Lynn McCune: Artist Spotlight
In the spirit of bringing creativity everyday life, I want to start interviewing creative people I know. First off, my good friend Lynn McCune. She is an actress/musician in NYC making a living off her creativity and talent. I asked her a few questions about creativity, find out what she had to say below:
JustStayCurious: Can you tell everyone a little bit about yourself?
Lynn McCune: Well, I’m a product of a Physics Professor/Engineer Dad and an English Teacher/Singer Mom, so I feel blessed to be able to think both Concrete/Sequentially and Abstract/Randomly. While my Mom is the Artsy one, I do think some of my “creativity” comes from the Engineering abiIities I inherited from my Dad! I started singing probably before I began to speak, and as a child enjoyed making up songs, re-enacting scenes from movies I’d seen, playing dress-up and make-believe…and now even as a grown-up I’m continuing to do just that, and I get paid for it! How cool is that?!!
JSC: What does creativity mean to you?
Lynn McCune: I guess for me creativity means imagination. Not just seeing the fact of what’s in front of you, but seeing what might be.
JSC: Have you always worked in the creative industry?
Lynn McCune: I “worked” in offices on and off from the Summer after my Junior Year in High School till I was 33, but always did theatre in the evenings, and sang on the side. When I went to college at Mount Holyoke, I knew I wanted to be a Theatre Major. The first Summer off, I went back to office work, but the next few Summers were spent with the Mount Holyoke College Summer Theatre. One of my later office jobs was writing and producing in-house training videos for an insurance company, so there was some creativity in that day-job, as well!
JSC: During the times that you had to take survival jobs, how did you keep creativity active in your life?
Lynn McCune: I did community theater, and also used creativity at my job when possible. At my last office job, I was on the entertainment committee for the monthly parties we held to celebrate birthdays, anniversaries, new employees, employees leaving, etc. I wrote and performed song parodies for each employee.
JSC: Why is everyday creative living important?
Lynn McCune: I think creativity empowers us to make changes in our world for the better. It’s a way to stand out, be different, and make a difference.
JSC: What advice would you have for someone who wants to add creativity into their daily lives?
Lynn McCune: This is such a hard question to answer! It would help if I knew where they are now and what they feel their obstructions are. Some people aren’t in a position to make suggestions to their boss on how to improve procedures at work. But at home, you know that saying, “Necessity is the Mother of Invention”? I’ve invented some things to help me in my everyday chores, and that could be a way for someone to begin if they aren’t inclined to write, paint, etc. I also get a lot out of movies, books, TV shows, but I also have an Empathetic nature which others may not have. One silly inspiration for me is the Tinkerbell movies from Disney. Seriously. I didn’t realize it till I was in my 30’s and saw the Disney version of Peter Pan for the first time…I’d always seen Tink introducting the Disney Movie of the Week on Sunday nights growing up, and thought she had an hourglass figure. And I wanted one, too. When I finally saw the movie, and saw her get stuck in the drawer’s keyhole because her hips were too big, I actually thought to myself, “I’m OK!! Her hips are bigger than her bust, too!!” That was when I realized my body image was totally based on a cartoon character. BUT, when I started watching her movies, I found our similarities went beyond our both being petite blondes. We both Tinker. We both love Found Things. And we both love to Create. I adore the Tinkerbell movies, so even your readers aren’t petite blonde, I hope they’ll check them out :)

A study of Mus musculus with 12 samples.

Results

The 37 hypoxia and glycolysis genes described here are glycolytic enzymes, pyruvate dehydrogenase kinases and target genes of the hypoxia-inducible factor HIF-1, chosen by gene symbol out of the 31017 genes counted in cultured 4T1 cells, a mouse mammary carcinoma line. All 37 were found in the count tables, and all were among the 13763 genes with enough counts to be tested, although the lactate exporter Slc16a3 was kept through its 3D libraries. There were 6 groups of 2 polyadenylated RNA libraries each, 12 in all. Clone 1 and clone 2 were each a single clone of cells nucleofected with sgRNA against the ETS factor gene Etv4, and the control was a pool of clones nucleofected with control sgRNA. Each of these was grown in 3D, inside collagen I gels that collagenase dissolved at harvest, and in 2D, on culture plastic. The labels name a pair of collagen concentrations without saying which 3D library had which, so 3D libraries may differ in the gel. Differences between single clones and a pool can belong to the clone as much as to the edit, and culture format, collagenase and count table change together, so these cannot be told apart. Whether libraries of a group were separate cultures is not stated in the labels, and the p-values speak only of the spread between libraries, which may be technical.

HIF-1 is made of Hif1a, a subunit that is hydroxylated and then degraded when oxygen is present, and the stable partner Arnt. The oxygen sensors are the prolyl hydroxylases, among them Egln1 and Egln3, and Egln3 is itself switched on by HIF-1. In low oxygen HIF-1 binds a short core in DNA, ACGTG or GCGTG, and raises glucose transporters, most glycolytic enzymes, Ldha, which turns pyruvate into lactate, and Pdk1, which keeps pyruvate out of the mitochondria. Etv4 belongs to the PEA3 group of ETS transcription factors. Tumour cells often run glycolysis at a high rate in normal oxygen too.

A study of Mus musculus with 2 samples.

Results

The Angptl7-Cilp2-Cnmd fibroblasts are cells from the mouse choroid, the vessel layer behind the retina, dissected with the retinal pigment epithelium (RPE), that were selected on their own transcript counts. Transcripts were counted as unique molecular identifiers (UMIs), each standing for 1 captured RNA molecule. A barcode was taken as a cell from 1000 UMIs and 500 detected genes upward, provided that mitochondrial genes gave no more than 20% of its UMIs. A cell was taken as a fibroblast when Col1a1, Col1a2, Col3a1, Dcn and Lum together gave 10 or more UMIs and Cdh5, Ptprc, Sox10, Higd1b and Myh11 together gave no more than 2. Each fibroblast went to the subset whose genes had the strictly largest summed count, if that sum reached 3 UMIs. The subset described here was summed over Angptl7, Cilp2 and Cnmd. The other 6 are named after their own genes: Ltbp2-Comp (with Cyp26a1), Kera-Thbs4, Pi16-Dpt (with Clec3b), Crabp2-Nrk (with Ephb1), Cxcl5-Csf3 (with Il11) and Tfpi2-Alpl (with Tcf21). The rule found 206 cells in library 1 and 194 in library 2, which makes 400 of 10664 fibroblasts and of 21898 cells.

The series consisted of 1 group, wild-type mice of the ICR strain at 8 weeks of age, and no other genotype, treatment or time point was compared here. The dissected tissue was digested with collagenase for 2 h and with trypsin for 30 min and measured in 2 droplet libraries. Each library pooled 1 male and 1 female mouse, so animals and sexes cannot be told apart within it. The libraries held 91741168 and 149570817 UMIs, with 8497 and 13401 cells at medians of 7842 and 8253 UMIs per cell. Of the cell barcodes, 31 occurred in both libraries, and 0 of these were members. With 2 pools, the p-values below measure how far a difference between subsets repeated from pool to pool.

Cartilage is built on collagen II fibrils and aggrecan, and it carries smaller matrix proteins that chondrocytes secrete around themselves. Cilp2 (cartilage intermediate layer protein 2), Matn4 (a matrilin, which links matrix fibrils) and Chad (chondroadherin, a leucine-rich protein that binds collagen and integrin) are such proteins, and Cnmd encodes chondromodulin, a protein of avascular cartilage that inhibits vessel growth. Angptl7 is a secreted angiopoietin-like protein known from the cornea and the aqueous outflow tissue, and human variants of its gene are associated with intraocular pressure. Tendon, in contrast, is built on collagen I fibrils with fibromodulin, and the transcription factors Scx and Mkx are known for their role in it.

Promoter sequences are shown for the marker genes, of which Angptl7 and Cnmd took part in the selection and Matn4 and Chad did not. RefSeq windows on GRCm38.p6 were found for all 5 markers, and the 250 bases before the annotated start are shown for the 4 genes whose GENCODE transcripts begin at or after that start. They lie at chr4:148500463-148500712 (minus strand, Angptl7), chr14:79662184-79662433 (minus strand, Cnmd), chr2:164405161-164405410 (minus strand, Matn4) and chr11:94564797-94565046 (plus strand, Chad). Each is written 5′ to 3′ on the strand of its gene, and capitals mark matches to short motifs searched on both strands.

JSC: What do you think of the people who say that they aren’t creative?
Lynn McCune: Creativity involves imagination. If you’ve ever looked at a cloud formation and seen something other than a cloud, you have the capacity for creativity! If you haven’t, that doesn’t mean you can’t, just give it a try! Creativity is more than arts, crafts, and performance, although those are probably the best outlets. It’s about seeing beyond reality, facts, “what is,” and envisioning “what could be.” One example for me is when I moved into my studio apartment. I knew I had way more stuff than could fit, but I made a little diagram of the room, cut out little pieces of post-it notes in the shapes of my furniture, and created a way to fit everything in. It involved putting dressers and garment racks perpendicular to the long wall, creating three sub-rooms. I now have a bedroom, dressingroom, and office in a space that most people use as one livingroom/bedroom. This question actually reminds me of when I thought I couldn’t do “Improv.” I used to think it meant coming up with something funny to say in any situation, which I totally cannot do. The fact is, Improv is simply being given a set of parameters, and behaving the way you would if you were in that situation. If something funny happens, that’s cool, but the entertainment comes from your commitment to situation. To anyone who thinks they aren’t creative, I would say that you probably, as I did with the idea of Improv, have an incorrect definition of Creativity.
JSC: How has creativity enriched your life?
Lynn McCune: I think creativity is a great problem-solving tool. We all have obstacles in our lives, and with a creative mind we can invent ways to deal with those obstacles.